Creating a fertile ground for innovation.
Awareness is at the apex of any coaching conversation. This is the moment where the client reaches an insight and is able to see their situation in a way that they had not seen before. Awareness is what the client is seeking, simply because after awareness, action is just a consequence.
For the coach, especially new coaches, reaching this moment can be intimidating. How can we bring a client to this new level of discernment that neither they nor we know in advance? What is the secret? In my mentor coaching practice, I have seen many coaches questioning their ability to be effective particularly because of the fear of not being able to bring the client into this new awareness.
That is why I say that coaching is a courageous act. We embark on this process with our clients not knowing the destination but trusting that together we will be able to get there.
However, as elusive as it might seem to be, awareness is inevitable – and that is where we can all place our confidence. There is no doubt in my mind that when two human beings come together and sincerely put their best efforts in judiciously exploring a situation or a topic, something new will show up. That is the power of connection. In human terms, 1+1 is never a simple addition. We cannot help but to multiply, and it is in this alchemy that innovation happens.
I was very pleased when, in the new version of the Core Competencies, the ICF decided to use the verb “Evokes” associated with the Awareness competency. In the previous version, we used to call it “Creating Awareness”, almost meaning that it was the job of the coach to generate the awareness for the clients. That to me is an impossible task. Awareness cannot be created, and it is not up to the coach to reach this state of insight or to fabricate it in their clients. The only thing we can do is to partner with the coachee in creating the proper conditions for awareness to surface – and that is where all the other Core Competencies come into play.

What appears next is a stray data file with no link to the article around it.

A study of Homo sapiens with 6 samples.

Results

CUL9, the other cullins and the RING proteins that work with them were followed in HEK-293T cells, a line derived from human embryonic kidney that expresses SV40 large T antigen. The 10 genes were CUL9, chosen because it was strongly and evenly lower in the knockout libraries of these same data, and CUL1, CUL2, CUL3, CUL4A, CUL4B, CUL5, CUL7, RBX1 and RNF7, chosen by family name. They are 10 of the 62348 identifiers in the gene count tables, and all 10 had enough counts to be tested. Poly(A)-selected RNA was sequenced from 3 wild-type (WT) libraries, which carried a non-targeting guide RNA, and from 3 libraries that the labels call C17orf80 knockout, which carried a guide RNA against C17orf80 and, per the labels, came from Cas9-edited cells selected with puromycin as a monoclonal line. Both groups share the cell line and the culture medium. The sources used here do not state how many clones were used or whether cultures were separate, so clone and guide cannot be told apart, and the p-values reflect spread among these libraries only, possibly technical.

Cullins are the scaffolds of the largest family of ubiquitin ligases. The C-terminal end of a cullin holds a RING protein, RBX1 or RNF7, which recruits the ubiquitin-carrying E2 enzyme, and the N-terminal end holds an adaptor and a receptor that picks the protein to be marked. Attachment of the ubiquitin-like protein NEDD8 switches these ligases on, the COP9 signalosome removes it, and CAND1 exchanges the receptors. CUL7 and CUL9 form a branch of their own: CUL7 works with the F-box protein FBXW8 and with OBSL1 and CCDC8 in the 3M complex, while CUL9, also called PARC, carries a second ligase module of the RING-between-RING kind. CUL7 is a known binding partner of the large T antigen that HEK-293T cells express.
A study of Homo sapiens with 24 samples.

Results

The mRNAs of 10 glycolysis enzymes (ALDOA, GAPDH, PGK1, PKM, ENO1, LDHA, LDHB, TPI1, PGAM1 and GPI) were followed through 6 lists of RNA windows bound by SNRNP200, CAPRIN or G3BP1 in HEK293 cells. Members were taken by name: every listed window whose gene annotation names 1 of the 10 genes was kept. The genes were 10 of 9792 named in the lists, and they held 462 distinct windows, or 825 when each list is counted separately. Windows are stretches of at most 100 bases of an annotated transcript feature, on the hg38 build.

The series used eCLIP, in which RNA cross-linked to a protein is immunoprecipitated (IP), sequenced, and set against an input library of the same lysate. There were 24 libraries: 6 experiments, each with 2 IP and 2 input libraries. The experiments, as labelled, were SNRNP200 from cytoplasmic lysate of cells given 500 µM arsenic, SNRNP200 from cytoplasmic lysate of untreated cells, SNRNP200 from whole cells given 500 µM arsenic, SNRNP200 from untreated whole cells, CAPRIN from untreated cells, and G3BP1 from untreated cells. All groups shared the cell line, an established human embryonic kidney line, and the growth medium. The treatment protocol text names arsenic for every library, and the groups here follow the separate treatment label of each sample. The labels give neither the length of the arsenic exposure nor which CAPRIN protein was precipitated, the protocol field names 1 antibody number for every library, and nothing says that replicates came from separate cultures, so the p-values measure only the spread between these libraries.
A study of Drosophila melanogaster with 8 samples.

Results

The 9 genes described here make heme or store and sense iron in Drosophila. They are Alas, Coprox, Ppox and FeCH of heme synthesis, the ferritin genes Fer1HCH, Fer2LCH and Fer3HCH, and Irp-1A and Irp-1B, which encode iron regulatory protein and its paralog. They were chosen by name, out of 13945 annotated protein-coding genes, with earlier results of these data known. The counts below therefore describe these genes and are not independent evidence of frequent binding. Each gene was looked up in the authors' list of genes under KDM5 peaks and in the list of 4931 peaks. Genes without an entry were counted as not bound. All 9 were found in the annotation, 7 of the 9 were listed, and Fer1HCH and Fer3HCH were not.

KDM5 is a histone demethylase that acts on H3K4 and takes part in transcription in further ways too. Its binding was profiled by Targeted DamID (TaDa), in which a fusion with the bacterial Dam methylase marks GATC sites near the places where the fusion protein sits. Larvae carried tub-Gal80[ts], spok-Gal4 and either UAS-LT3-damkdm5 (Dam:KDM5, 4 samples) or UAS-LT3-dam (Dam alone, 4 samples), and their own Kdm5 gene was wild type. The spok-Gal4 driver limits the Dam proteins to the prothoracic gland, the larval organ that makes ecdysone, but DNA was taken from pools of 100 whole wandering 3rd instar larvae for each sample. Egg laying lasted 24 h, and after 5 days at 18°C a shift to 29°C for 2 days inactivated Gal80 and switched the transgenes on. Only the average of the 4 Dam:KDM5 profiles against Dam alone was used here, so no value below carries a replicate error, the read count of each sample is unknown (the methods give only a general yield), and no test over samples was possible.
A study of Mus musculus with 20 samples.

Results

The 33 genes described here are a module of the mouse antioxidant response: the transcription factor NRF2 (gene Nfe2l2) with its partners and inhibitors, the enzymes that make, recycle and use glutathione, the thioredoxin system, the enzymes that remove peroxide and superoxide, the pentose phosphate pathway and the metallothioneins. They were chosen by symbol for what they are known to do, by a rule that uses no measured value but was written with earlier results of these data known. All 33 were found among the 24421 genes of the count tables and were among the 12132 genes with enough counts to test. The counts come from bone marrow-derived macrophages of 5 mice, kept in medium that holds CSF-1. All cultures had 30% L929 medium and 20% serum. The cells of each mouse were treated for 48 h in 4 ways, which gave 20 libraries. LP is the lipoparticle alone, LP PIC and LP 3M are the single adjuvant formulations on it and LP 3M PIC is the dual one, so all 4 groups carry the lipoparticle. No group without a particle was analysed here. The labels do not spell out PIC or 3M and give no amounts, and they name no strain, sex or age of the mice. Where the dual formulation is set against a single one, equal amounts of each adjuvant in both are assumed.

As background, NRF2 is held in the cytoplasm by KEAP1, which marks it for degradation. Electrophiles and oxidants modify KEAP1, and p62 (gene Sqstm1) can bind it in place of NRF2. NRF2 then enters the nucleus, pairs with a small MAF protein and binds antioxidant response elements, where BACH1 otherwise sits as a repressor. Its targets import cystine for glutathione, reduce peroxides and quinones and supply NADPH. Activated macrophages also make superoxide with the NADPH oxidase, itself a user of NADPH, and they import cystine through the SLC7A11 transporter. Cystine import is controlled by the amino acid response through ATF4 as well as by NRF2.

The secret of awareness is not in awareness itself. For us to support our clients into getting their aha moment, we must start from the beginning. How well have we established the coaching agreement – both for the whole process as well as each session? How deep is our presence? How broad is our listening? How easy is our language and communication with the client, especially in formulating questions and sharing our observations?
Awareness does not happen on a whim. Instead, it is an inevitable fruit of the careful work we do all along.
The great point of it is that this way, it becomes very easy to troubleshoot it. If we are not being able to bring the client into an awareness or if the awareness is consistently somewhat superficial, it is time for us to reflect on the skills we are demonstrating in all the other competencies and see how we can polish them even further so that we are better able to provide the breathing space for awareness to grow.
The secret of awareness is in building sharp coaching skills and in trusting the humanity of our clients and ourselves. This is a recipe that can never fail, and this is one of the foundational and brilliant points of our coaching profession.